The Unclaimed Financial Assets Authority (UFAA) has, once again, listed property of prominent families among those still being held more than two years after information that it should be claimed was made public.
In a report published last week, the agency said former presidents Daniel arap Moi and Mwai Kibaki’s families are yet to claim idle assets owned by their late matriarchs.
They include East Africa Breweries Limited (EABL) and Centum Investment shares and dividends belonging to Lena Moi who died in 2004 as well as property belonging to Lucy Kibaki, who died in 2016.
It is instructive to note that Mrs Kibaki’s assets were forwarded to UFAA by Co-operative Bank in 2015 while Mrs Moi’s EABL and Centum shares were transferred to the agency in 2014 and 2015 respectively.
For an agency whose primary role is to unite assets with owners, it smacks of mischief that property belonging to easily traceable Kenyans should be held this long.
First, the law gives firms between one and five years depending on asset class before handing the unclaimed assets to UFAA. How come custodians of these assets only wait to hand over items in their possession to UFAA at the close of the legal window instead of making use of primary contact details in their custody to locate real owners?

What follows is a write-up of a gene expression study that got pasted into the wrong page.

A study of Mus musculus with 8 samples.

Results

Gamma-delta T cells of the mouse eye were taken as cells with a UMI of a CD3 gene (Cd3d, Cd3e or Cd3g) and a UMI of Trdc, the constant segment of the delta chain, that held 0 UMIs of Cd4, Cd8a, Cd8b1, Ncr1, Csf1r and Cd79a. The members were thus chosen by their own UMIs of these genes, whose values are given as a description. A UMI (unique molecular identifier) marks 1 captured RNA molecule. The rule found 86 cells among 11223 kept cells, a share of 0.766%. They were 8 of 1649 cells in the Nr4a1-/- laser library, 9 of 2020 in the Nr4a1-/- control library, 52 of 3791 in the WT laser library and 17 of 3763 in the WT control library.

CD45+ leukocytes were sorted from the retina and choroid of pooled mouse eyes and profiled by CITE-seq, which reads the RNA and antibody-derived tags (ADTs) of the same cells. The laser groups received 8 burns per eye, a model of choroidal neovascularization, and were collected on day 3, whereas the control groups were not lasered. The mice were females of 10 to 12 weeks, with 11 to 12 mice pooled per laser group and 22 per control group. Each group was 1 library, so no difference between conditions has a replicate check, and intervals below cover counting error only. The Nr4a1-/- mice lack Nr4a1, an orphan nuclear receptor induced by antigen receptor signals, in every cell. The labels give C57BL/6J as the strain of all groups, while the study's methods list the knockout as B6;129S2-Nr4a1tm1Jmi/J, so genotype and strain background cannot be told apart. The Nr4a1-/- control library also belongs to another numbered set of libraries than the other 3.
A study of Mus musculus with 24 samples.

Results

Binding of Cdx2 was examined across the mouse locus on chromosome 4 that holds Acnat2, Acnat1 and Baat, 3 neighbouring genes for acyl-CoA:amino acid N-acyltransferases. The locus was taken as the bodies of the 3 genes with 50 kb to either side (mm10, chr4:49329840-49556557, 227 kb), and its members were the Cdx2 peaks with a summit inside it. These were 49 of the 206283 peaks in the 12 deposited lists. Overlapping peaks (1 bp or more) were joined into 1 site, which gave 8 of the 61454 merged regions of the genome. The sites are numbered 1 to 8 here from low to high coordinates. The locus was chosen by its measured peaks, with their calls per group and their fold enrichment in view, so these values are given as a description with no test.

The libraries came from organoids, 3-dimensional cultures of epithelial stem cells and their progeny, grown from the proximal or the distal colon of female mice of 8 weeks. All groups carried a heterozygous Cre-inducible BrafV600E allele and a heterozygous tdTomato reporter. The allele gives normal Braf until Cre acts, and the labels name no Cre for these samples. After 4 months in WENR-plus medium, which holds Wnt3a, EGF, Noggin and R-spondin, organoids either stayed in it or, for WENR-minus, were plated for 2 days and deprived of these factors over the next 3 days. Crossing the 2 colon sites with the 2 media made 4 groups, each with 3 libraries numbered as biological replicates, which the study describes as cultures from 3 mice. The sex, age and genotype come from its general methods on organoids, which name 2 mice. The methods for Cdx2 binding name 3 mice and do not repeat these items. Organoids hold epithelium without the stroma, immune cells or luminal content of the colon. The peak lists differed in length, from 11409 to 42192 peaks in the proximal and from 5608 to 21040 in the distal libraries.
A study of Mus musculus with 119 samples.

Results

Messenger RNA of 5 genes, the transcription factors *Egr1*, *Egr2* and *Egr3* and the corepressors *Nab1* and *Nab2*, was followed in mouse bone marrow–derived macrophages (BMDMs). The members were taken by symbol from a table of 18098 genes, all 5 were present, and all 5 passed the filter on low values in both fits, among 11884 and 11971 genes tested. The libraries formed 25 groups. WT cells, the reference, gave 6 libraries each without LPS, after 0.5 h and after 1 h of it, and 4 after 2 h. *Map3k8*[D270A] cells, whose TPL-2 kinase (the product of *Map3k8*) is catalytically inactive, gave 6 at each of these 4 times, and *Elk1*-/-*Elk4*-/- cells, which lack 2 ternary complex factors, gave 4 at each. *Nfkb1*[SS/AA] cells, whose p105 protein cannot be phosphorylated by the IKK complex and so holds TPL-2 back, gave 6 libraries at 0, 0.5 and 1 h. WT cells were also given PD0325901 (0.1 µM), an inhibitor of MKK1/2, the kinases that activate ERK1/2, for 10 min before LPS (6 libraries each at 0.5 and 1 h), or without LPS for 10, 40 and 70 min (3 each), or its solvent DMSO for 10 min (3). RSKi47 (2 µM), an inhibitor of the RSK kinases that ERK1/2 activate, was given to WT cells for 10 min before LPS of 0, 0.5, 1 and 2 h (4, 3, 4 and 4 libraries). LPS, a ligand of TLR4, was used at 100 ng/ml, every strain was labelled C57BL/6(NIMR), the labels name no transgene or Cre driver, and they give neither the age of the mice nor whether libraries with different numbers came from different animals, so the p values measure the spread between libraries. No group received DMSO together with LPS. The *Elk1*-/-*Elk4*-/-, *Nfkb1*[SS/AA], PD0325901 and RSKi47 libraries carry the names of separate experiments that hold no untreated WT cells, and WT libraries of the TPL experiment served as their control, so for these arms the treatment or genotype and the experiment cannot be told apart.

And if asset holders struggle to identify prominent families, what chances are there that little-known Kenyans will ever be reunited with deposits in their dormant bank and mobile phone accounts or surrendered insurance policy values?
Is it a coincidence that more than Sh8.3 billion has been accumulated by UFAA? Shouldn’t owners be paid interest for delayed asset recovery? The Treasury, under whose docket UFAA operates, must get to the bottom of this issue.
As things stand, one may even be forgiven for thinking that enactment of the Unclaimed Financial Assets Act has, in fact, made it more difficult to reunite owners with their property. It is also not right that eight years since it was established, UFAA is still struggling with operational issues. Kenyans want to see a UFAA that is not only keen at collecting the unclaimed assets but also one which aggressively looks for the rightful owners of the idle wealth.